TikTok might be hit with a ban in the United States, but the embattled app isn’t going down without a fight. The organization OpenSecrets, which is committed to “following the money in politics,” has revealed that TikTok and parent company ByteDance have spent $13.4 million on U.S. government lobbying since 2019.
OpenSecrets shared a chart that divulges ByteDance’s year-over-year lobbying expenses. In 2019, the Chinese corporation spent less on lobbying than comparable tech companies. But as U.S. politicians have threatened to ban TikTok, the app has ramped up its influence campaign. In 2022 alone, TikTok and ByteDance spent $5.4 billion on their attempts to lobby D.C. power players.
ByteDance may not have spent much on its U.S.-based lobbying efforts in 2019, but even at that time, the corporation was still thinking about its reputation. Politico — which claims ByteDance has spent $16 million on federal lobbying since 2019 — used a recent report to illustrate the slow, steady growth of TikTok’s influence operation. As far back as 2019, the app was looking to assemble a “Team of Avengers” that could solidify its status in the U.S.
Some of TikTok’s Avengers assembled on Capitol Hill to prepare TikTok CEO Shou Zi Chew for his appearance before a Senate committee. The Wall Street Journal named a pair of ex-Obama operatives, as well as former Disney communications chief Zenia Mucha, among the list of TikTok allies who advised Chew ahead of his Congressional hearing.
TikTok spokeswoman Brooke Oberwetter has pointed out that her company’s lobbying spend is in line with other tech giants. “We plan to continue briefing members of Congress about our company and about the details of our robust and comprehensive plans to address national security concerns,” Oberwetter told Politico. “We work to engage policymakers and stakeholders across the political spectrum on issues that are important to our business and to the diverse and vibrant community on our platform.”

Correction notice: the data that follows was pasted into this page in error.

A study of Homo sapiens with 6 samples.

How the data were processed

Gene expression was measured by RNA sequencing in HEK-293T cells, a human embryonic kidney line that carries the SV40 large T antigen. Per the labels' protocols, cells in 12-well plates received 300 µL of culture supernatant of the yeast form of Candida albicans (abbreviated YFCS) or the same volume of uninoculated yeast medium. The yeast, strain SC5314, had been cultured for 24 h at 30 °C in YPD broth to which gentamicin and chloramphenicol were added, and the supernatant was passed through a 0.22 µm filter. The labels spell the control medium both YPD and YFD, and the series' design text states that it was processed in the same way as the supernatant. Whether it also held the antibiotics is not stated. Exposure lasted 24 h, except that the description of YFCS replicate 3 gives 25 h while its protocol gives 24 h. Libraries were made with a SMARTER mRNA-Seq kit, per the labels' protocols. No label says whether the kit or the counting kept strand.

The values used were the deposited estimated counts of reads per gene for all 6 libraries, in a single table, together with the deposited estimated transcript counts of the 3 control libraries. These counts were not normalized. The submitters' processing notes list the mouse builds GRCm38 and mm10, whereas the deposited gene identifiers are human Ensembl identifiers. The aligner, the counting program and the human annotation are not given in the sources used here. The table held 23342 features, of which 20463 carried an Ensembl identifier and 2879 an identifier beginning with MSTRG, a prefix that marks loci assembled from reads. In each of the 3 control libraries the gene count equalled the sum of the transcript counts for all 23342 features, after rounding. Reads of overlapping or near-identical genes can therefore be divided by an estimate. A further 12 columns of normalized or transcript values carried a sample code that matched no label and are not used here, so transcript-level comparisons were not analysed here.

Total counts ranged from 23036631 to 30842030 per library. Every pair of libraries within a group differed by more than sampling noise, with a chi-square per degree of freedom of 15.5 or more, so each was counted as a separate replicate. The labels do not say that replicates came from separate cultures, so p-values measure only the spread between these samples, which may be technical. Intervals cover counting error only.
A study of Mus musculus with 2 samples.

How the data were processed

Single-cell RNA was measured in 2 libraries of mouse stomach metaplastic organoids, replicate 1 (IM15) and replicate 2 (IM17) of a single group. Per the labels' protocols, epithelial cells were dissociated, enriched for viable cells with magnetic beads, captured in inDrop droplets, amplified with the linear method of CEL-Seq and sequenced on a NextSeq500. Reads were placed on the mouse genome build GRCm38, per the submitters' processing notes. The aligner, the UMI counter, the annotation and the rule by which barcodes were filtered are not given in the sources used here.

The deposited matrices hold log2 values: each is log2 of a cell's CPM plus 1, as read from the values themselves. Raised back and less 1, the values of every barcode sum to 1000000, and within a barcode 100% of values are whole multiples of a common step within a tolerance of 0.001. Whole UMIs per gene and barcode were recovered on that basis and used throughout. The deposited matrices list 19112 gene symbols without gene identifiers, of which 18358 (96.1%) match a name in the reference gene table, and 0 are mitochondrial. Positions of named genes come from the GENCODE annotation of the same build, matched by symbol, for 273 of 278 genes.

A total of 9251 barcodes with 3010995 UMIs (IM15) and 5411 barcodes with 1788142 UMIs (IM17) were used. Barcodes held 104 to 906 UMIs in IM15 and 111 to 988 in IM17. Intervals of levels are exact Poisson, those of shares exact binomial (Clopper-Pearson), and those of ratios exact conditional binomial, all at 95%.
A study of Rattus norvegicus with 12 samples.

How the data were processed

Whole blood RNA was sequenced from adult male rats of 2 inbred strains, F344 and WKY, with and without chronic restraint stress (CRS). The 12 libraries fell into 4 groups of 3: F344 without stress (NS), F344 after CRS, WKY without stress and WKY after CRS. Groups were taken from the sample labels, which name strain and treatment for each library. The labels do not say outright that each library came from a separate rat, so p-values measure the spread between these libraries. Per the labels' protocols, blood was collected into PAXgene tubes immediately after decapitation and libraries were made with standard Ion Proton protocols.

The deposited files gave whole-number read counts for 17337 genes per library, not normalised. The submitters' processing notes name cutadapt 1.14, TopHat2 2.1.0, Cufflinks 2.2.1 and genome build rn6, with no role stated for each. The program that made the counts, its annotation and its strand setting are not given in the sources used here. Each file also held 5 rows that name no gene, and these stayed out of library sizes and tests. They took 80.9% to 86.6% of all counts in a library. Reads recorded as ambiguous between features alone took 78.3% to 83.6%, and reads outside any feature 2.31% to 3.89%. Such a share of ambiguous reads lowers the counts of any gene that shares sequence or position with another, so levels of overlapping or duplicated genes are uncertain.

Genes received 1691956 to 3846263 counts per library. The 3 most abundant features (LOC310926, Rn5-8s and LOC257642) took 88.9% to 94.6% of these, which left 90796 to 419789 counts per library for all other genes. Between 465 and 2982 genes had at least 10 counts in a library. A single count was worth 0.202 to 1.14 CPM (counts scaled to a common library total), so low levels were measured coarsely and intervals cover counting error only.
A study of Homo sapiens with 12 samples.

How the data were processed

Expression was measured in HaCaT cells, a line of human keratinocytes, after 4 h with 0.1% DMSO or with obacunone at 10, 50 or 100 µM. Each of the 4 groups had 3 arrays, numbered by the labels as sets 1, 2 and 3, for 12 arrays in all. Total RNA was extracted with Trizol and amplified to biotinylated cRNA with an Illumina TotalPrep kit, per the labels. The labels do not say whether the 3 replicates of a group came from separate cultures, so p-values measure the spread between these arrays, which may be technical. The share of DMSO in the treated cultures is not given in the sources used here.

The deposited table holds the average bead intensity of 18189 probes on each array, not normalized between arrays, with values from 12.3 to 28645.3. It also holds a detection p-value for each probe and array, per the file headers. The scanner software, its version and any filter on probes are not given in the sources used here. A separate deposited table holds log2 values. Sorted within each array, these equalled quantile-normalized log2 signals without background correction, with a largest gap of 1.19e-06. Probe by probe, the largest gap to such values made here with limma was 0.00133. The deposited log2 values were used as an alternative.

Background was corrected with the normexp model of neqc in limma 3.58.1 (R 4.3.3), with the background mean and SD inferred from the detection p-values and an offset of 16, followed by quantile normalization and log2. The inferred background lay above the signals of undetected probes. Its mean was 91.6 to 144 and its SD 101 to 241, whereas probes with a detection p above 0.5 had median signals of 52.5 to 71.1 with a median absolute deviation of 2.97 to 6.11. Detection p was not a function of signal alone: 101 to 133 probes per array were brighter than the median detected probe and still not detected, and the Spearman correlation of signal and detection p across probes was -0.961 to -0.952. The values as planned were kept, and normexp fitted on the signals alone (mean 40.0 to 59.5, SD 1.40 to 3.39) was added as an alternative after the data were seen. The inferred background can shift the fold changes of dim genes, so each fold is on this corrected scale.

According to one narrative, TikTok’s lobbying campaign has been a dud, since the app might still receive a U.S. ban in spite of its $13.4 million effort. But it’s clear that there are plenty of people in Washington who are willing to fight for TikTok. As the Senate debates whether it wants to follow through with its proposed ban, Gen Z creators have spoken up in support of the video platform they love.
One thing’s for sure: Lobbying won’t be ByteDance’s biggest expense as it looks to sustain its American operations. The effort to store U.S. TikTok user data on domestic servers (a.k.a. Project Texas) has reportedly cost $1.5 billion to set up.